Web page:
Music Review: Sid Selvidge, The Cold Of The Morning

Published on March 14th, 2014 in: Music, Music Reviews, Retrovirus, Reviews |

By Cait Brennan


Like an American Bert Jansch, Sid Selvidge masterfully combined folk, blues, and traditional music influences with his own gifted songwriting and formidable guitar skills. While Jansch’s voice has its earthy charm, though, Sid’s voice is damn near transcendent. His debut album, 1969’s Portrait, introduced his rich, golden vocals and guitar style over some fine folk-blues covers and lovely originals by Don Nix. Sure, it’s got more strings on it than Cowboy Jack put on those early Townes Van Zandt records, and sans any Selvidge originals, by all accounts Sid never fully embraced it. Give it a listen sometime, though, and you just might—it’s a charmer, and a nice taste of things to come.

Portrait‘s modest success led to a recording deal with Elektra, and while that deal failed to pan out, it kicked off a chain of events that led Selvidge to record his most acclaimed album. Produced by the mighty James Luther Dickinson, The Cold Of The Morning is a stripped-down 12-track song cycle recorded live in the studio, capturing warm and intimate performances from Selvidge on vocals and guitar, with appearances from Dickinson on piano as well as Lee Baker and Jimmy Crosthwait (a.k.a. Mud Boy and the Neutrons) on two tracks.

From the opening tune, “I’ve Got A Secret (Didn’t We Shake Sugaree),” Selvidge’s expressive, transcendent vocals and deft fretwork draw you in and completely transport you; shimmering originals like “Frank’s Tune” and “The Outlaw” showcase Selvidge’s gifts as a songwriter and storyteller, while he puts on a master class in blues history with traditional field hollers and work songs like “Boll Weevil” and “Lazarus”. Then there are just beautiful gems like the delicate “Many A Mile” and the jazz age Tin Pan Alley classic “I Get The Blues When It Rains.” The range of material is extraordinary, like rediscovering a long-lost Great American Songbook. The wistful “Miss The Mississippi And You” closes the original album with one of Sid’s most lithe, beautiful vocal performances, worth the price of admission on its own.

Bizarrely, immediately after finishing this wonderful record, the record label’s backer ceased backing, and Selvidge drove to the pressing plant, picked up the just-pressed vinyl LPs, loaded them in his car, and distributed them himself as best he could. It was enough to get him a residency at a club in Manhattan, glowing coverage in the New York Times, and to cement the album’s reputation as a masterpiece, even as time made it harder and harder to find. Thankfully, the good folks at Omnivore Recordings specialize at just this sort of musical search and rescue, and they’ve done an ace job here.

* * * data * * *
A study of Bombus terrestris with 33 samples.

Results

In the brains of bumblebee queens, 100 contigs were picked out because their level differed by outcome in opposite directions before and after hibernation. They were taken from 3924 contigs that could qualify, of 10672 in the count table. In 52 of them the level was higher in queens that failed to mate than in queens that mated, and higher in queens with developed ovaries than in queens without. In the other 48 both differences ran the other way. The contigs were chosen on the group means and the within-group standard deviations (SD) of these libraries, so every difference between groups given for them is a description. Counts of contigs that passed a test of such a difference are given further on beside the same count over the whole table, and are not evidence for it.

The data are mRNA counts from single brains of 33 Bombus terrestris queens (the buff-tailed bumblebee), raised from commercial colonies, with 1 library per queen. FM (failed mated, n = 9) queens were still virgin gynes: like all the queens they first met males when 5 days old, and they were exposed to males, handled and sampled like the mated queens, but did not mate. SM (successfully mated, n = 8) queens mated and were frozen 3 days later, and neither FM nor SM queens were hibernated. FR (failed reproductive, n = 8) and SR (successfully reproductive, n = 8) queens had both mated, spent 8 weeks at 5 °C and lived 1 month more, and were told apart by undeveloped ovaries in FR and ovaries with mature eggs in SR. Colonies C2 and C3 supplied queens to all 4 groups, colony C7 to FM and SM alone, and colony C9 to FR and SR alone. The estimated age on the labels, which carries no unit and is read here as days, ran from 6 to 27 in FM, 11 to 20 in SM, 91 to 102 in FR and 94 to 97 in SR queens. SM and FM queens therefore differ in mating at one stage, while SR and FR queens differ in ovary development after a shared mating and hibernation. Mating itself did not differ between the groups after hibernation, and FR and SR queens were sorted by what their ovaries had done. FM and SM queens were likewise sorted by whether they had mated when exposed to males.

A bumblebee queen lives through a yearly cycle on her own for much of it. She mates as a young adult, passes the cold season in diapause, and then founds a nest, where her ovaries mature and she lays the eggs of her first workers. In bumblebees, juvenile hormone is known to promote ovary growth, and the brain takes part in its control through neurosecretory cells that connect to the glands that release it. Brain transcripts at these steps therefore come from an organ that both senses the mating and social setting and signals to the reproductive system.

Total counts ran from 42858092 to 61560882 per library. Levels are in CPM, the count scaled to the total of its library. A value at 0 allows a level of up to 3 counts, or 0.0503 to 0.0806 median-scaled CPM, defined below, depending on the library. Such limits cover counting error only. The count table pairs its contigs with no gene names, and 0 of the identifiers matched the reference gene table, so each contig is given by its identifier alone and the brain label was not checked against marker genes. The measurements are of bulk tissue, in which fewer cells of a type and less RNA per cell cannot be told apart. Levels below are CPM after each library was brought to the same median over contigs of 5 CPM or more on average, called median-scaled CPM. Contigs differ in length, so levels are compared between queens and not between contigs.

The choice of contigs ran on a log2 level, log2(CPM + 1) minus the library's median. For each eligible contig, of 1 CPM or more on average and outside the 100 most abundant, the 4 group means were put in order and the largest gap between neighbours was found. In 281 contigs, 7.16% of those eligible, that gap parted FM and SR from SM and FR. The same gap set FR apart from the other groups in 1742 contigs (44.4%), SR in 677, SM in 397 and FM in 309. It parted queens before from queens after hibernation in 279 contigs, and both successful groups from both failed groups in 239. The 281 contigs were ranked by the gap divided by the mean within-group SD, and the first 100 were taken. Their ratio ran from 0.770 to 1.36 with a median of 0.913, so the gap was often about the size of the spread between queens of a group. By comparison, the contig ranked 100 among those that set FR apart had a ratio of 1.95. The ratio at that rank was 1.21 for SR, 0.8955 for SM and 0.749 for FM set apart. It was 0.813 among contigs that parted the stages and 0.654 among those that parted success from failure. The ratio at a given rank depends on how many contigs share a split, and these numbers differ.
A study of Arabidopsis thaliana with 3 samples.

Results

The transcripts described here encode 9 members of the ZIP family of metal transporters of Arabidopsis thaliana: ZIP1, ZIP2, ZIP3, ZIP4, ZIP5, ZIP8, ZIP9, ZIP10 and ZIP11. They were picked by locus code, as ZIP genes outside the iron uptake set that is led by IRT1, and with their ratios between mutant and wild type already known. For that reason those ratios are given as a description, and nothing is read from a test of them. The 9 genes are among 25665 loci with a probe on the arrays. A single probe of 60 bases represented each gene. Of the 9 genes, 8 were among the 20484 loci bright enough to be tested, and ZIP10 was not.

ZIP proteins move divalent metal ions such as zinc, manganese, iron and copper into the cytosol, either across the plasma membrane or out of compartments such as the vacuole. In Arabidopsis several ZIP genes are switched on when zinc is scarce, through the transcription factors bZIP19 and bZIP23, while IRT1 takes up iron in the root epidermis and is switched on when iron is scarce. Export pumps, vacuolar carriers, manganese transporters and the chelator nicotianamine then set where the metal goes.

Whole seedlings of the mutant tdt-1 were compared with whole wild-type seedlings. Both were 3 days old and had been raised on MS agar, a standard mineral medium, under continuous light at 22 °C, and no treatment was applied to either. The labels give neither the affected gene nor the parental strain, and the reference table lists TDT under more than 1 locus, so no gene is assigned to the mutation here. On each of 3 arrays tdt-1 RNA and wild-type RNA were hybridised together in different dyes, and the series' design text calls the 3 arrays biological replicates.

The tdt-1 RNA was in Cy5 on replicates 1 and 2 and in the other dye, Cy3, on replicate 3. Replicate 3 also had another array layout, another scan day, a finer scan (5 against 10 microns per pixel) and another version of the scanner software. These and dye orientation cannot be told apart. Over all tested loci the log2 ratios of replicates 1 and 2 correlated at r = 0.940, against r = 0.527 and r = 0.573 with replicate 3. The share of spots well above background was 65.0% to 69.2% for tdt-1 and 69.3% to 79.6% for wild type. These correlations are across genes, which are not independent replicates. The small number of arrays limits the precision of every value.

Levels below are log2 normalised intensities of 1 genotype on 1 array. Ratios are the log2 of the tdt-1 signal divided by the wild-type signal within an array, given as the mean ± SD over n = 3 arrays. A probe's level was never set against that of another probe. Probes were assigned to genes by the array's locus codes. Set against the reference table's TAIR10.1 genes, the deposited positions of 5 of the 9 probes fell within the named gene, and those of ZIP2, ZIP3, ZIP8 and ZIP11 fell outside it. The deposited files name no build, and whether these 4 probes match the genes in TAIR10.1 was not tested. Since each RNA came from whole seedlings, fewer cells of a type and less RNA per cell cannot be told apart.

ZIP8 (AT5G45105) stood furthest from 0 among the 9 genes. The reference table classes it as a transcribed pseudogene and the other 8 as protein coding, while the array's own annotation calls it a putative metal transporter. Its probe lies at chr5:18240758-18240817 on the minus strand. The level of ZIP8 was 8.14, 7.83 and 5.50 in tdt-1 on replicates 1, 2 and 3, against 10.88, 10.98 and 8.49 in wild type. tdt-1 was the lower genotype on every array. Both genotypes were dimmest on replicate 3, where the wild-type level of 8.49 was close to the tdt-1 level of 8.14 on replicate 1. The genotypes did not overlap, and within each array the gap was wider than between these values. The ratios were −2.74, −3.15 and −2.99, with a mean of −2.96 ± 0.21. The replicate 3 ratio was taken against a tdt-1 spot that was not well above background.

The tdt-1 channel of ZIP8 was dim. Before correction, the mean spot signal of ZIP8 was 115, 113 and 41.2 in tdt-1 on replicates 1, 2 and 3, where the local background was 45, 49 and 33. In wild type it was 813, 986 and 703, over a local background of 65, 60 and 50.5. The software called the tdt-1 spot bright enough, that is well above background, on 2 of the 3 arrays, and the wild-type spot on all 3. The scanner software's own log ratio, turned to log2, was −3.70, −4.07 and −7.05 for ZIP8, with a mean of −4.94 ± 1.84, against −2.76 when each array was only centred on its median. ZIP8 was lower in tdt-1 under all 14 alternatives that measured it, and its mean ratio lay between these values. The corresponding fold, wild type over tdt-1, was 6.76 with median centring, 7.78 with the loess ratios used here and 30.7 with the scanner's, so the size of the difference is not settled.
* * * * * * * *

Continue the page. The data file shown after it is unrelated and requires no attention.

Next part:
The record was lovingly co-produced for reissue by Omnivore’s Cheryl Pawelski and Sid’s son Steve Selvidge of the Hold Steady; Bob Mehr’s extensive, thoughtful liner notes frame the album and Selvidge’s musical journey through all its twists and turns, covering his life and providing rare insight into Selvidge’s other fine albums in the process.

The bonus tracks on The Cold Of The Morning are a delight. Selvidge’s take on Fred Kirby’s 1946 nuclear-age blues “Atomic Power” is dynamite, Sid’s “East St. Louis Blues” is sultry Delta magic, and “Ain’t Nobody’s Business” sends things out on a high note. Perhaps the most fun of the extras is an alternate take of “Wished I Had A Dime,” featuring Mud Boy and the Neutrons.

Available on a downright mesmerizing 12-track blue vinyl (it’s practically TARDIS blue, for you timelords in the audience) as well as a deluxe CD package, The Cold Of The Morning is finally getting the presentation that the wonderful sounds inside deserve. It is indeed a great lost masterpiece, now found again, and sounding better than ever. Savor it, and put this music into the hands of people you love. And then don’t let this be your only stop in the Sid Selvidge aisle. Flip through those bins and get yourself a copy of Portrait, Waiting For A Train, I Should Be Blue, Twice Told Tales, and A Little Bit Of Rain while you’re at it. Sid left us a world of gorgeous music. Start with The Cold Of The Morning and get exploring.

The Cold Of The Morning was released on March 11 through Omnivore Recordings.